This post originally ran on Truthdig contributor Juan Cole’s website.

Saudi Arabia was rocked yesterday by three terrorist attacks, presumably the work of Daesh (ISIL, ISIS). The attacks were carefully distributed and aimed at delegitimizing the Saudi monarchy, which glories in the title “Servant of the Two Holy Shrines.” The first shrine is Mecca, the birthplace of the Prophet Muhammad and the site of pilgrimage for millions of Muslims from all around the globe every year. The second is Medina, the city where the Prophet died and was buried. For most Muslims, visiting his tomb is a powerful spiritual event.

One of the terrorist attacks targeted the prayer ceremony after the breaking of the fast at the mosque-shrine in Medina. The man wearing a suicide bomb belt was stopped on an empty lot being used for parking and detonated his payload, killing four Saudi security men and wounding several others.

The bombing likely attempted to underscore that King Salman and Crown Prince Muhammad Bin Nayef are not actually very good servants of the two holy shrines, being unable to protect them. It is not completely impossible that the Daesh thinks visiting the tomb of the Prophet is a form of idolatry and that the pilgrims should be punished. Some Daesh extremists may go so far as to want to destroy the Kaaba, the cube-shaped shrine in Mecca around which pilgrims circumambulate, seeing even it as idolatrous.

Prince Faisal Bin Salman, the governor of Medina province, riposted that the terrorist attack on Medina was a criminal act that killed innocent souls whose killing God had forbidden, in th purest of places and in the holy month of Ramadan. He said that such wicked acts only serve the enemies of Islam.

Medina lies in the western Hejaz province, which is largely Sunni and Sufi rather than, as with Najd, Wahhabi. Wahhabi Islam is a small minority of the worldwide Muslim community and mainly exists in Saudi Arabia, where it comprises about 40% of the country’s population. It is hyper-puritan and believes in morality police and a literal approach to Islamic law. The royal family belongs to this sect, and its clerics help dictate religious policy throughout the kingdom. The Sunni Islam of the Hejaz is far more tolerant and flexible. Any attack in the Hejaz likely aims at sowing division between its Sunnis and the Wahhabis of the center of the country.

(The Wahhabi branch of Islam was founded by Muhammad ibn Abd al-Wahhab in the middle of the 18th century. While it is rigid and puritanical and often intolerant as a tradition, not all Wahhabis are themselves of the same description. The charge sometimes made that Daesh or ISIL is just a form of Wahhabism is incorrect; Daesh is to Wahhabism what David Koreish at Waco was to Protestantism– a violent cult.)

Another attack was launched in the western port city of Jedda, near the US consulate, which may have been the target. But again, the suicide bomber was stopped by suspicious security near a hospital, and he blew himself up, lightly injuring some security personnel. Daesh seeks to undermine the Saudi royal family by portraying them as puppets of the United States, so targeting the US consulate was meant to punish them.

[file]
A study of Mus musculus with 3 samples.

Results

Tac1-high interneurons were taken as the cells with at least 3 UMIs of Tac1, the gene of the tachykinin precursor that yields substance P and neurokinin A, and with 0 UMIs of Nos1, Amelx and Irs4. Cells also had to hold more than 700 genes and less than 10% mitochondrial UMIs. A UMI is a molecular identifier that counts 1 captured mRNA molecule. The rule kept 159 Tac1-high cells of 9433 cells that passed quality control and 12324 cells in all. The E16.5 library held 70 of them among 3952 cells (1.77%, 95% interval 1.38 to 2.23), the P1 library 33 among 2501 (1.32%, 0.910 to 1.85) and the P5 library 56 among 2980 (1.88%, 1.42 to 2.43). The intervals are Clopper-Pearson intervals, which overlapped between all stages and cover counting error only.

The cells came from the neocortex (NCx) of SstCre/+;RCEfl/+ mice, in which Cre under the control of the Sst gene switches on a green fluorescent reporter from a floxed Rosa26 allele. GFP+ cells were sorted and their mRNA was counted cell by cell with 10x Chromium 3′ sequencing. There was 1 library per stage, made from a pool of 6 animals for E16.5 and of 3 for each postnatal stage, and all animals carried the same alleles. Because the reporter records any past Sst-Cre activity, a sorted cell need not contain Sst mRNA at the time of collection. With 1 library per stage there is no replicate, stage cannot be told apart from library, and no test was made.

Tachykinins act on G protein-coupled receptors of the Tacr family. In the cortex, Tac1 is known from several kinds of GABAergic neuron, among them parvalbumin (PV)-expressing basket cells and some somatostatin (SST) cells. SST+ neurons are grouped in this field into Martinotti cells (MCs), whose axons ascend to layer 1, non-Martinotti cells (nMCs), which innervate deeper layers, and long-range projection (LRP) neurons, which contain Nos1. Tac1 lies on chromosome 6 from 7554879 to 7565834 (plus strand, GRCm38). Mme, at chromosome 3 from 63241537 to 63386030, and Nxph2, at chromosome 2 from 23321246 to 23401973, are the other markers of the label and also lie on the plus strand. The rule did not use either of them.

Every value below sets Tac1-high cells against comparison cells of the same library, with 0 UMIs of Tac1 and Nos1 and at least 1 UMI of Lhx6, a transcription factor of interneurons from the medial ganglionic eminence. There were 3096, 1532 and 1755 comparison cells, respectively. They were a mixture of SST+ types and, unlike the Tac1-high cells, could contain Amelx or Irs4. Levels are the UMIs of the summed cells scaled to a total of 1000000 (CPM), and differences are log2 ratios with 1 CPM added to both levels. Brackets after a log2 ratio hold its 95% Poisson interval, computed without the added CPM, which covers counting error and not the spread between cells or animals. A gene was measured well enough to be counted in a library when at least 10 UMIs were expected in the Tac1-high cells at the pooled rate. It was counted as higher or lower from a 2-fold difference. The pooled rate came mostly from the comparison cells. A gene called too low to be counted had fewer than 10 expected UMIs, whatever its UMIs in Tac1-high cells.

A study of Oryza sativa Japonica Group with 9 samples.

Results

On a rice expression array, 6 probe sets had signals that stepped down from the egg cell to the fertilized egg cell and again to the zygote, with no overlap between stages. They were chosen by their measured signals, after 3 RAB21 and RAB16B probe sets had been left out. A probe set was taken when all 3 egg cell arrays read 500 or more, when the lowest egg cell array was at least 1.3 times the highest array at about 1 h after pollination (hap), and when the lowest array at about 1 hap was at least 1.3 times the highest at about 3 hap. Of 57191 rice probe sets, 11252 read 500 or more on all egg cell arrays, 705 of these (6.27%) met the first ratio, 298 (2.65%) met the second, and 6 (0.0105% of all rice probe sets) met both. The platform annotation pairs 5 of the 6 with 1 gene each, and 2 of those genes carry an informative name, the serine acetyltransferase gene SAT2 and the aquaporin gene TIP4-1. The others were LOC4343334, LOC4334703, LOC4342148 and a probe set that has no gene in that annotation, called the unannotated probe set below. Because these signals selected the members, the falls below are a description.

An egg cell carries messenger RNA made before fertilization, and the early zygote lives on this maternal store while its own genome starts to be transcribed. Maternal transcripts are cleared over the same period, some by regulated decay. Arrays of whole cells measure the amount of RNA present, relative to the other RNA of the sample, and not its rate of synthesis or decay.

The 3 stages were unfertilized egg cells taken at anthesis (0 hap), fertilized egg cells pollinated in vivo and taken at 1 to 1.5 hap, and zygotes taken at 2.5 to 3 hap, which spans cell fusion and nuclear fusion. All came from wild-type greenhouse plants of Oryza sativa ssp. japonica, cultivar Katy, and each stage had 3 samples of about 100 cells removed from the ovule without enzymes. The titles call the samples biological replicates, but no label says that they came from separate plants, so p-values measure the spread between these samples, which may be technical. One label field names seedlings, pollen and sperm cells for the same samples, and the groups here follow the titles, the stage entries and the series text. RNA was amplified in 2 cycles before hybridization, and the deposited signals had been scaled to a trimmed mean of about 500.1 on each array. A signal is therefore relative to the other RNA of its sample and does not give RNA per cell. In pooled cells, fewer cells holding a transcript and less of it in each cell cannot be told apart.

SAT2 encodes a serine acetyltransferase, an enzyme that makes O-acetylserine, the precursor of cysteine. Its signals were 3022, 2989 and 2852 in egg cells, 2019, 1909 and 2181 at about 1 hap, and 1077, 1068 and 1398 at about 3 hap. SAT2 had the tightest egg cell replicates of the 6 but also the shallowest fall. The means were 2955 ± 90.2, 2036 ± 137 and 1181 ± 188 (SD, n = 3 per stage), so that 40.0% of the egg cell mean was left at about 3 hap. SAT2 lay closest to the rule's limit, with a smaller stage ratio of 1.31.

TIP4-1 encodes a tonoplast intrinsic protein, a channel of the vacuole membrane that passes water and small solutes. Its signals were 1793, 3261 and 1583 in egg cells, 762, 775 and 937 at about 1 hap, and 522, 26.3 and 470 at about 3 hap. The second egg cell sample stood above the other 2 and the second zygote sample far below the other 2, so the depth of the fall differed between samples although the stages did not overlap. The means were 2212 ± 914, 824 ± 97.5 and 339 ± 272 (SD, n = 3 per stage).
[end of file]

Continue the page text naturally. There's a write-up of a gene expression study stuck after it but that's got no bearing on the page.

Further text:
A third attack targeted a Shiite mosque in the eastern, largely Shiite city of Qatif. Three mangled bodies were found there but as we go to press, details are still sparse. It is possible that the body parts belonged to the bombers themselves and that no innocents were killed. Qatif is in the traditionally Shiite Eastern Province, which is also where most of Saudi Arabia’s oil is. About 12% of Saudis are Shiites, and they are treated very badly by the Wahhabi state, which views them as wretched heretics and potential supporters of Iran, Saudi Arabia’s Shiite arch-rival. (Saudi Shiites are Arabs and are not loyal to Iran, but rather want a better seat at the table in their own country). This attack, like earlier bombings of Shiite mosques, was intended to sow further dissension between the Wahhabi government and the Shiite population (the terrorists hope that Qatif Shiites will blame the king for not providing them better security).

The three attacks in Saudi Arabia, then, were symbolically orchestrated to cause maximum tension in the kingdom and to deny the Saudi monarchy its honored position as servant of the two holy shrines, as firm US ally, and as dominant over the Eastern Province where the oil that makes Saudi Arabia an important country comes from. The bombings played on the key fissures within Saudi society.

The Saudi press is characterizing all three attacks as failures. Although there were some victims killed or wounded, the number was small compared to what the terrorists obviously hoped for. The hopes of Daesh for carnage on a large scale were dashed (that’s not a pun) by eagle-eyed Saudi security personnel, some of them from the Ministry of the Interior.

Saudi Arabia survived a violent al-Qaeda campaign of bombings and killings in 2003-2006, and so its security apparatus has experience with counter-terrorism.

Daesh is facing its final year as a state, since the Iraqi Army on one side and the Syrian Democratic Forces on the other are gradually closing in on its last strongholds. As it goes down it is lashing out like a fatally wounded crocodile. But its revenge terrorism is not mindless– it is clearly giving a lot of thought to how it might commit symbolic violence against its foes and so demoralize them.